Early toxicity and treatment outcomes of extended field-intensity modulated radiotherapy for cervical cancer patients with para-aortic nodal metastasis

6 Aug 2019
Meetakshi Gupta, Supriya Chopra, Shreya Kunder, A Dheera, Devaraju Sampathirao, Reena Engineer, Jaya Ghosh, Lavanya Gurram, Umesh Mahantshetty, Sudeep Gupta, Shyam Shrivastava

Objective: Extended-field radiotherapy (EFRT) with concurrent chemotherapy represents standard treatment in cervical cancer patients with para-aortic lymph nodal (PALN) metastasis. While EFRT with Intensity Modulated RT (IMRT) has been demonstrated to reduce toxicities, the dose thresholds for minimizing acute toxicity is not clear. The present study was undertaken to report the early toxicity with extended-field intensity-modulated radiotherapy (EF-IMRT) for carcinoma of the cervix in our cohort of patients and determine dose-volume parameters that predict ≥grade II haematological toxicity and diarrhoea.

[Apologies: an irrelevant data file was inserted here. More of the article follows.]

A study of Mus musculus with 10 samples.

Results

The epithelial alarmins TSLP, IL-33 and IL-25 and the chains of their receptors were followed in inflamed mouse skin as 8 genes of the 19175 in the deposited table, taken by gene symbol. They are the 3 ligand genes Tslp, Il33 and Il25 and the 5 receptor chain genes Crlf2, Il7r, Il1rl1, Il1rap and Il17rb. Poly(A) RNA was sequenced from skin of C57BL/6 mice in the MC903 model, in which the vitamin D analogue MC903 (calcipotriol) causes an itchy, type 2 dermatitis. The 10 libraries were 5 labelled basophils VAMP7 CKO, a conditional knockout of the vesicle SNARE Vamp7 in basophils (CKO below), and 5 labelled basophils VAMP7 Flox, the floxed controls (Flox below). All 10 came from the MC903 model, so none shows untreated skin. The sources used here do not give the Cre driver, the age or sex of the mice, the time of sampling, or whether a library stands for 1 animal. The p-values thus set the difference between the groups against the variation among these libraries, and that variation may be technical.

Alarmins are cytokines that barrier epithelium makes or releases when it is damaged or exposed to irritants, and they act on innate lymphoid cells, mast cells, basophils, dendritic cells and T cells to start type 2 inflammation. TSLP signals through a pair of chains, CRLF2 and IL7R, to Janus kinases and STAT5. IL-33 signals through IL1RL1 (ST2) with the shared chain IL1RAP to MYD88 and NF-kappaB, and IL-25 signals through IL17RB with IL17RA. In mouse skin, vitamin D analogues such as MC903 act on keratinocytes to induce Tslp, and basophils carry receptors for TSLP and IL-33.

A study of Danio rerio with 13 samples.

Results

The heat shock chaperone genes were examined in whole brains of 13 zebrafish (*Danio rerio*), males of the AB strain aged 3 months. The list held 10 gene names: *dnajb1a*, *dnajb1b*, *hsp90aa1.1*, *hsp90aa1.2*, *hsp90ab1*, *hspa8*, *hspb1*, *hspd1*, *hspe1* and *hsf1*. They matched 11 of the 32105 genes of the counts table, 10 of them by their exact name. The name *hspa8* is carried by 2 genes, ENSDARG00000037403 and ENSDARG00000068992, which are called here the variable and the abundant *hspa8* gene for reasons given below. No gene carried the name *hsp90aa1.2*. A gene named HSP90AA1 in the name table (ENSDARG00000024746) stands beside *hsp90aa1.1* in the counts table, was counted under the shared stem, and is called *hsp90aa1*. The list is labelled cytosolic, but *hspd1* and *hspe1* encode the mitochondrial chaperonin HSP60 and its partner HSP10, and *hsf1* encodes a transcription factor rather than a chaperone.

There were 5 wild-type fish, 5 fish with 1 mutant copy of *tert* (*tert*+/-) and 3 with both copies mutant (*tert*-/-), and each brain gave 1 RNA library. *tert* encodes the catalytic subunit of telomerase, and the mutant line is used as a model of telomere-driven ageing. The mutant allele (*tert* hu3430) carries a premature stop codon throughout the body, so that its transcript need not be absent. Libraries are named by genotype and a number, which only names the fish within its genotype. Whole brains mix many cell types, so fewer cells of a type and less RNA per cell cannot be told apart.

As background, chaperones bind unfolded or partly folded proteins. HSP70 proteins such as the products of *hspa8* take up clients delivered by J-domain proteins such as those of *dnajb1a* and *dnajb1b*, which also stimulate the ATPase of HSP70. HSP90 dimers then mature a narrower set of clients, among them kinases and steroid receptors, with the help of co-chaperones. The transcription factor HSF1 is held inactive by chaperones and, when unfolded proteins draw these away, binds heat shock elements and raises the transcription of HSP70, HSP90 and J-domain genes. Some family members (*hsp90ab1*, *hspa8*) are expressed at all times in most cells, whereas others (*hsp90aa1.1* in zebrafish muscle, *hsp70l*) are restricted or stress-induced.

Methodology: This was a retrospective study of consecutive cervical cancer patients with PALN metastasis treated with EF-IMRT. Patients received rotational IMRT /- neoadjuvant chemotherapy (NACT) and/or concurrent chemotherapy (45–50 Gy/25#/5 weeks) followed by high-dose rate brachytherapy. Acute haematological and gastrointestinal toxicity (diarrhoea and vomiting) was correlated with doses received by bowel and marrow. Receiver operator characteristics curves were used for deriving thresholds that predict for increased toxicity and tested on univariate and multivariate analysis. Finally, disease free and overall survival (DFS and OS) was calculated.

Results: A total of 43 patients were included. One-fourth of the patients (11/43) received NACT and 88% received concurrent chemotherapy. Within the upfront EF-IMRT cohort, 22.6% and 9.7% patients developed grade ≥III haematological (HT) and gastrointestinal (GI) toxicity respectively, with an increase in HT (≥ grade III HT =67%) in patients receiving NACT (p = 0.007). In the entire cohort bone marrow Volume receiving 10 Gy (V10>) 90% correlated with an increase in ≥ grade III HT (p = 0.05). No dose volume thresholds could be validated for GI toxicity. The OS and DFS at 2 years was 56% and 54%, respectively.

Conclusion: EF-IMRT is a feasible option for cervical cancer patients with PALN involvement and is associated with acceptable grade III toxicity. Future studies need to focus on minimizing HT toxicity.